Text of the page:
What does H.G. Wells’ War of the Worlds have in common with adorable anthropomorphic animals? If you answered Wild’s End, the new six issue comic book mini-series from BOOM! Studios, then you either have already heard of the series or you guessed the obvious answer from the fact you’re reading a review. Regardless of how you answered the question, Wild’s End is mashing the two together with the release of its first issue this week. Written by Dan Abnett, cosmic Marvel writer extraordinaire, and drawn by I.N.J. Culbard, who famously adapted At the Mountains of Madness, this is a concept that would be tricky no matter who was writing it. Luckily, thanks to the very talented duo, this is one of the most memorable comics in quite some time.
The comic opens with Fawkes, who is a literal fox, walking through the night air with his companion Bodie. The two are drunk but it doesn’t stop them from noticing a shooting star overhead, one that soon crashes nearby. From there we skip ahead to meet the inhabitants of the sleepy community Lower Crowchurch. As you may have expected, every member is an animal. Each character also comes complete with 1930s era clothing and warm personalities.
Culbard does an amazing job on the art. How do you draw a drunk fox? I wouldn’t have any idea where to start but reading Wild’s End you’d think it was easy. They may be animals but the body language is so subtly human that it depicts the differences in personality and mood perfectly. The writing and art work masterfully well together to bring everything to life. Further helped by the earthy block colours, the whole comic just radiates a likable charm.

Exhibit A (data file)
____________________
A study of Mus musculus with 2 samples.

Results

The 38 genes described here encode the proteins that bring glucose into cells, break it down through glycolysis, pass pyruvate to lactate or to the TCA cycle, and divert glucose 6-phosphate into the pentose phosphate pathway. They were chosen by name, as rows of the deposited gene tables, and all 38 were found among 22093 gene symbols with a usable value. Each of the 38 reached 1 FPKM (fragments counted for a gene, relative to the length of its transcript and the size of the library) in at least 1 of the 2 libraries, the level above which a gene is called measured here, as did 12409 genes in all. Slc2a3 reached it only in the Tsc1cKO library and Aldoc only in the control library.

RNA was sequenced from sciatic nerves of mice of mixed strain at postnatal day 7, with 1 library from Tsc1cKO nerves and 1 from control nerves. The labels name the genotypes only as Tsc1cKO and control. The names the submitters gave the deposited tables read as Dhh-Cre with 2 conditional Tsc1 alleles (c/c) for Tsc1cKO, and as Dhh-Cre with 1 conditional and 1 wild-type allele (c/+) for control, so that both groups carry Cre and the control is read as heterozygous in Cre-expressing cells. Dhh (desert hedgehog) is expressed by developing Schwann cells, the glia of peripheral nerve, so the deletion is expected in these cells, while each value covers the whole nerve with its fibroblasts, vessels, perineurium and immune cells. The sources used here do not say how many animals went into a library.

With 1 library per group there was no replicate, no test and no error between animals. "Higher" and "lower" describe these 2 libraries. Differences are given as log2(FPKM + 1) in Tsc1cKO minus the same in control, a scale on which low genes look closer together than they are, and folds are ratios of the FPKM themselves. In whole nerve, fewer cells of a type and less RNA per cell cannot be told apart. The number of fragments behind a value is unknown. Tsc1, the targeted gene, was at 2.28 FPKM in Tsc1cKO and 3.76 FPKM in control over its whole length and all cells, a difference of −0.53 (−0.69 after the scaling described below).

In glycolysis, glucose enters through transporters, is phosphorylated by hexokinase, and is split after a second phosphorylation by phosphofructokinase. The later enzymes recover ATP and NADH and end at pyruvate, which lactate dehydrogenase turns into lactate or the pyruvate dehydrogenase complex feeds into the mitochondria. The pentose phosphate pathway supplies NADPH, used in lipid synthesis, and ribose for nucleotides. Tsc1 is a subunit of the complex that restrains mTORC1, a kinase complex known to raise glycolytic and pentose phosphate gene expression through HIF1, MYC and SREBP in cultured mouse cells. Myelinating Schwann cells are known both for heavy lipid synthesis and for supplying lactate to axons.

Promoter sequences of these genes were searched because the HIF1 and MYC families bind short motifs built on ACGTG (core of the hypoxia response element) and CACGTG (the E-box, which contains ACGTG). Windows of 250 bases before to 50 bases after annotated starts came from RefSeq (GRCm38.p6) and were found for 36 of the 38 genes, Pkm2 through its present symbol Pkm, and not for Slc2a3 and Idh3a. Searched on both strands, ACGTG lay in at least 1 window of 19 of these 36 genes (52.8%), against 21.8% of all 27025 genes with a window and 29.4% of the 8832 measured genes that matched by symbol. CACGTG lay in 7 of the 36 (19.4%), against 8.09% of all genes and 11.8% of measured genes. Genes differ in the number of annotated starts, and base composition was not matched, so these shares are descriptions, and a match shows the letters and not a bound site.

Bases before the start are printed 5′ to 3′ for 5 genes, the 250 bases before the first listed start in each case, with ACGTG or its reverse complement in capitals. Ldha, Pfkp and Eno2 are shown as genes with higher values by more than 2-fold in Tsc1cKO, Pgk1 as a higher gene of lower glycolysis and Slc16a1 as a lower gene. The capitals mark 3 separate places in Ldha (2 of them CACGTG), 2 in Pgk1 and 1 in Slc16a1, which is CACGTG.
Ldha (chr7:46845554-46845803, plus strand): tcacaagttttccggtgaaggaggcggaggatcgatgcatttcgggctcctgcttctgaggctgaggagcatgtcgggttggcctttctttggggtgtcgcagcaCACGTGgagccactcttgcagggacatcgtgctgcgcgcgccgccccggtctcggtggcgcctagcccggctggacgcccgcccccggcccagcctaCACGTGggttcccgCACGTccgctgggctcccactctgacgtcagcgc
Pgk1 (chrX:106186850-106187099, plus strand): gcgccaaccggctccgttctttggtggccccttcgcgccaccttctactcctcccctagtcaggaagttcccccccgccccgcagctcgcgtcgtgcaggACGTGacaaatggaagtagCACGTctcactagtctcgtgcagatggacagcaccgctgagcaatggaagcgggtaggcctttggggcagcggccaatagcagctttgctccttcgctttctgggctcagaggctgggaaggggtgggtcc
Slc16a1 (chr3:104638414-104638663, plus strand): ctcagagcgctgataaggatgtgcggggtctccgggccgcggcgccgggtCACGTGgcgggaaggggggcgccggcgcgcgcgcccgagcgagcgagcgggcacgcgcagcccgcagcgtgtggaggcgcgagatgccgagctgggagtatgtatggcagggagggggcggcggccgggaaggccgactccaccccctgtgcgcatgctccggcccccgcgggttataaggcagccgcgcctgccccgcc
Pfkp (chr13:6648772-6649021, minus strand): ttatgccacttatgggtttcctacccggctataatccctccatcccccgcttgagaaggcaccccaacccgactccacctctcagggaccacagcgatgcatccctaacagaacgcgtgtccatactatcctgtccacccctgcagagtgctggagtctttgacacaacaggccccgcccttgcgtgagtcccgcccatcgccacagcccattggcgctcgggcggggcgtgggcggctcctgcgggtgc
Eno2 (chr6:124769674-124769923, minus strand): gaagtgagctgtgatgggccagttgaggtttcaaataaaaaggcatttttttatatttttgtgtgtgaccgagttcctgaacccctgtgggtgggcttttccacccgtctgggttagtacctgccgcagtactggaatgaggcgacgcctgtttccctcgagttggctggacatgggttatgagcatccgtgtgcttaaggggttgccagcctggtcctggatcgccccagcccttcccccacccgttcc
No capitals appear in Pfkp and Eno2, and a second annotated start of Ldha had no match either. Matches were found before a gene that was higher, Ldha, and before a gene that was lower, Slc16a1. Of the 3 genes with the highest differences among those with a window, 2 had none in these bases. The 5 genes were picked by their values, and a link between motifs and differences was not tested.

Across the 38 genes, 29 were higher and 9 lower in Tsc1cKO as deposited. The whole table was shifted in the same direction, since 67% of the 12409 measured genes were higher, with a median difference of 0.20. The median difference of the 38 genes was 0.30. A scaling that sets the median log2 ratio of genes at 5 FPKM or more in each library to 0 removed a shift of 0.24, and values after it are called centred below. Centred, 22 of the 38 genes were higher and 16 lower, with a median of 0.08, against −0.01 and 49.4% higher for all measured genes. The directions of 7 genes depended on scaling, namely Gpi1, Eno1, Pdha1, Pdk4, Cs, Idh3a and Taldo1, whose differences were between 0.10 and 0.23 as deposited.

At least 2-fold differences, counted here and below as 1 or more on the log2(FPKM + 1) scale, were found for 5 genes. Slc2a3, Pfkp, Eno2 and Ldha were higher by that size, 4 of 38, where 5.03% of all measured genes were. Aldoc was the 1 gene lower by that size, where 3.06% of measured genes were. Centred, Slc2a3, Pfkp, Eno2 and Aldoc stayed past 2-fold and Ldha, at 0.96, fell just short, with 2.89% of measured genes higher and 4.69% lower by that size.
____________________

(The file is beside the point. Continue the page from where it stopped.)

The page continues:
I mentioned the personalities of the characters previously, I have to just elaborate further by saying that this is one of the most terribly British comics I’ve ever read. If you were to prick this issue, it would bleed tea. Expect to read words like “tombola,” which may perplex any readers that haven’t grown up somewhere in Britain themselves. The quirky dialogue is actually huge part of the issue’s appeal. It’s genuinely amusing and the accents are portrayed authentically with a slight adjustment of spelling and abbreviation. After just this one issue I could hear all the varied voices of these colourful characters as I read along.
In the interest of fairness I should point out that there’s little action in this introduction. There’s a lot of dialogue as we’re gently introduced to the inhabitants and the premise of the series. However it’s so sharply written and wonderfully illustrated that there’s absolutely nothing wrong with that fact. Tonally there isn’t really anything that would be too unsuitable for kids, but I wouldn’t pass this to anyone too young. There are hints that this may be taking a darker turn as things progress so either way you might want to give it a read first if you’re a parent.
Altogether it’s a very memorable issue and a strong opener. It won’t have you laughing aloud, but the whole thing is so amusing and quaint that it doesn’t need to. The script and visuals fuse into a powerfully appealing package, I have a hard time imagining anyone being disappointed by the decision to pick this up.
Wild’s End is absolutely delightful to read. It’s whimsical and funny but it’s also surprisingly engaging. This is a strikingly unique comic book that deserves your attention.